TARA the Labrador cross liked nothing better than eating up the biscuit crumbs dropped by her owner's children - until the day disaster struck.
The mischievous pooch sniffed out the remains of some shortbread which had fallen on to a paper shredder in her owner's Craigentinny home.
But as she stuck her tongue to retrieve the tasty *** bit she activated the machine, trapping her tongue which left her howling in agony.
Her frantic yelping alerted owner Linda Brown who ran across the living room of her home in Loganlea Road to find her pet bleeding badly.
The injured dog had to undergo two operations on her mouth, and had to have one-third of her badly-damaged tongue amputated.
Mother-of-three Miss Brown said the 12-year-old Labrador cross was lucky not to have died.
She said: "It was horrific. It will haunt me for ever more.
"I think the children were eating shortbread and they must have dropped some of it on the shredder. The next thing I heard was the dog screaming. I came running across the room.
"We couldn't get near her at first, she was squealing and moving her head in sheer panic. I had to grab her and pull the shredder off her tongue. The blood was unbearable.
"We thought maybe she'd just shredded the tip of her tongue, then the younger one said what we thought was congealed blood was actually part of her tongue."
Linda, 43, and her nine-year-old daughter Cody stayed up with the dog all night on Thursday, November 23, keeping her calm.
The dog was taken to Abercorn Veterinary Clinic in Portobello first thing on Friday morning.
Vet Jim Penman operated on Tara twice. He said: "I've never seen anything like that before. It's a freak accident.
"The dog's tongue looked like something that had come through a pasta machine - just strings hanging down.
"It's lost about a third of its tongue. We had to amputate it."
"The dog has coped remarkably well. The major blood vessels run along the tongue in the same direction as the cuts, and fortunately they escaped injuries. The big problem will be difficulty drinking, but it's managing to drink water out of a bucket."
He said most accidents in the home involved pets swallowing objects.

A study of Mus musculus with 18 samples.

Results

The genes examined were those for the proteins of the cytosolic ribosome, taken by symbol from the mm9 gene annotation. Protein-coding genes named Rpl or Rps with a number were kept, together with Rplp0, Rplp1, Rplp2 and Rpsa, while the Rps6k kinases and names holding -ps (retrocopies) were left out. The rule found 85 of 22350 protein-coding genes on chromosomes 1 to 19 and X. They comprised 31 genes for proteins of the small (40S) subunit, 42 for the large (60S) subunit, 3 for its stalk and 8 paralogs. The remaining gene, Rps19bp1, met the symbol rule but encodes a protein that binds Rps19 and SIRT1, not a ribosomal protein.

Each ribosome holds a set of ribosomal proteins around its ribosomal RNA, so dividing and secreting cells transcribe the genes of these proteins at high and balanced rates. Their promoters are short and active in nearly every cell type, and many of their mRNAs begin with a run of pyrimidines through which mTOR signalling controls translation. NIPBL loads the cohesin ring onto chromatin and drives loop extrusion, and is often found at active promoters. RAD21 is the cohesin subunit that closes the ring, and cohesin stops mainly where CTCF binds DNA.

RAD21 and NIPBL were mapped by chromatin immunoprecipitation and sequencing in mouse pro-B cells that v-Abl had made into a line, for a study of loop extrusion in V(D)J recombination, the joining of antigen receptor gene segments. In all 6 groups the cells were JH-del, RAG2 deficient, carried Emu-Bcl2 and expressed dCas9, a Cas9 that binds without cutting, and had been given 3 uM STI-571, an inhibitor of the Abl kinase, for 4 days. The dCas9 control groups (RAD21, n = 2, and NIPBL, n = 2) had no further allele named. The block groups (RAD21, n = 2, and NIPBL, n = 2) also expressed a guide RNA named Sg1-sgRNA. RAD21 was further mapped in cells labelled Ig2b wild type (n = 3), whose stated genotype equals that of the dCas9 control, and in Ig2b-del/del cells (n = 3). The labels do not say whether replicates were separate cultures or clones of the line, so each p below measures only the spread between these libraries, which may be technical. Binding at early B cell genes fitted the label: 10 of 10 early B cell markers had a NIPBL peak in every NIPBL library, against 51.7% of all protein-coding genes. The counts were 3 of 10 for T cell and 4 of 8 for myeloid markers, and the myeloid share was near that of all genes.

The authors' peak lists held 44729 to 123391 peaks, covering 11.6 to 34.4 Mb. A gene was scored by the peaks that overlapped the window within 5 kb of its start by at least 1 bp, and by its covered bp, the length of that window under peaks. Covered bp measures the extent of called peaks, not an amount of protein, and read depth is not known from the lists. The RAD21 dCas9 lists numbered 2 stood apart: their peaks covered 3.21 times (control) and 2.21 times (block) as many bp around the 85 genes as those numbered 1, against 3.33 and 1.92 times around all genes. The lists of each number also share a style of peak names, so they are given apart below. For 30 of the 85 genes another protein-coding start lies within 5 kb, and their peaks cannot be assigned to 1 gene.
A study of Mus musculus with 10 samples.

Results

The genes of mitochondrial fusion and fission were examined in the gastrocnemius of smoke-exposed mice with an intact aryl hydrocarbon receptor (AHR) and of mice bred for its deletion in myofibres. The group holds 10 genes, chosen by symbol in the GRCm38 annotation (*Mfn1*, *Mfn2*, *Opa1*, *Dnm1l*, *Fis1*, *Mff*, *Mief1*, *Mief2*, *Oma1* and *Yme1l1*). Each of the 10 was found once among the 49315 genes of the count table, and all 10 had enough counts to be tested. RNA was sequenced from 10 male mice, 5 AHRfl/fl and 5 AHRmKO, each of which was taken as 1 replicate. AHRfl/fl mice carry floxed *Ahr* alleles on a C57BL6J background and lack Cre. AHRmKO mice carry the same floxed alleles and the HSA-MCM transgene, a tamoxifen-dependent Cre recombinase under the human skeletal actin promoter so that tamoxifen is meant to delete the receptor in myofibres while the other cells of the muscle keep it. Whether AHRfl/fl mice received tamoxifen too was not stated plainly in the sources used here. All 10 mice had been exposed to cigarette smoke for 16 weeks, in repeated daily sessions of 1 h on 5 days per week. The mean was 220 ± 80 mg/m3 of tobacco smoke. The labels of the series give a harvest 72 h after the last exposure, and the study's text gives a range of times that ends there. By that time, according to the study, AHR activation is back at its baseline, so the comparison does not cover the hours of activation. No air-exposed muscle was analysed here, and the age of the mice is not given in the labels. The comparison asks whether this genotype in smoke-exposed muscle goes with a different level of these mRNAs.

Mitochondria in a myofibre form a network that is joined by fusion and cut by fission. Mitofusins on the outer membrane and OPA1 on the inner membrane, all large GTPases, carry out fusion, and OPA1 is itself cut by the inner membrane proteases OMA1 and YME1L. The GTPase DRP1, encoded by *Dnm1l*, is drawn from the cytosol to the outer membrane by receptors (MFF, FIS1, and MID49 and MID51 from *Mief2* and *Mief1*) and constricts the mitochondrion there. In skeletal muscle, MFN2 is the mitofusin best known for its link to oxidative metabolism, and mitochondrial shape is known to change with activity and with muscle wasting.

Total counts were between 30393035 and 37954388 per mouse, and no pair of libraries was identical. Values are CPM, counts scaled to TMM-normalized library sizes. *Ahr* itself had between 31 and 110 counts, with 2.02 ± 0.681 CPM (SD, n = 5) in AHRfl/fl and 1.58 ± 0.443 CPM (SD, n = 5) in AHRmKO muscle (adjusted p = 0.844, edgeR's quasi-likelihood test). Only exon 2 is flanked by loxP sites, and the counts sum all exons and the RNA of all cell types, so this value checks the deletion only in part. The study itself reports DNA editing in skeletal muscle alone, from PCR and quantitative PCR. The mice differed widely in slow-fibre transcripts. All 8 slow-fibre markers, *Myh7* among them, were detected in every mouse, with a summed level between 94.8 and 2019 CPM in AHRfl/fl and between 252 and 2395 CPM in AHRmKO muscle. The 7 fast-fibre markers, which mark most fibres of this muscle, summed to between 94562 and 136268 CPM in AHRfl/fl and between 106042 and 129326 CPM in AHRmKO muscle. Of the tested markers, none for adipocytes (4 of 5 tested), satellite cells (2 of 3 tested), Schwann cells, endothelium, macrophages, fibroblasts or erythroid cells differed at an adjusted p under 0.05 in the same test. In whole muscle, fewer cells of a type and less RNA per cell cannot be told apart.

He said: "We've seen animals chewing electric cables or swallowing rubber bands. I've seen animals who've swallowed the centres of corn-on-the-cobs and they've had to be operated on."
Linda, a self-employed wages clerk who works from home, said Tara was now recovering well.
She said: "She's back to normal now, eating and drinking again. She's always been greedy, but this time it nearly killed her.
"This has highlighted the danger for any animal. So many people have shredders at home now and they never think about this. She could easily have died from the shock."
She bought the shredder two years ago from Woolworths, but said the dog had never gone near it before.
She said she often left it on, as it has to be switched off at the wall. It has a finger guard on it to prevent accidents.
A spokeswoman for Woolworths said they had no other reports of accidents with them, but they no longer sold this type of shredder.
She said: "All the shredders we currently sell feature an on/off switch as well as numerous safety warnings. Woolworths takes the health and safety of its customers very seriously."
A spokeswoman for the Scottish Society for the Prevention of Cruelty to Animals warned pet owners to be particularly careful over the festive period.
She said: "I've never heard of anything like this before, but we do see a lot of accidents involving food. We once saw a dog that ate a whole Christmas cake, and raisins are toxic to dogs.
"At this time of year you should be extra careful - if you have flowers in your home they can kill your cat, and if you give your dog chocolate, make sure it's doggy chocolate."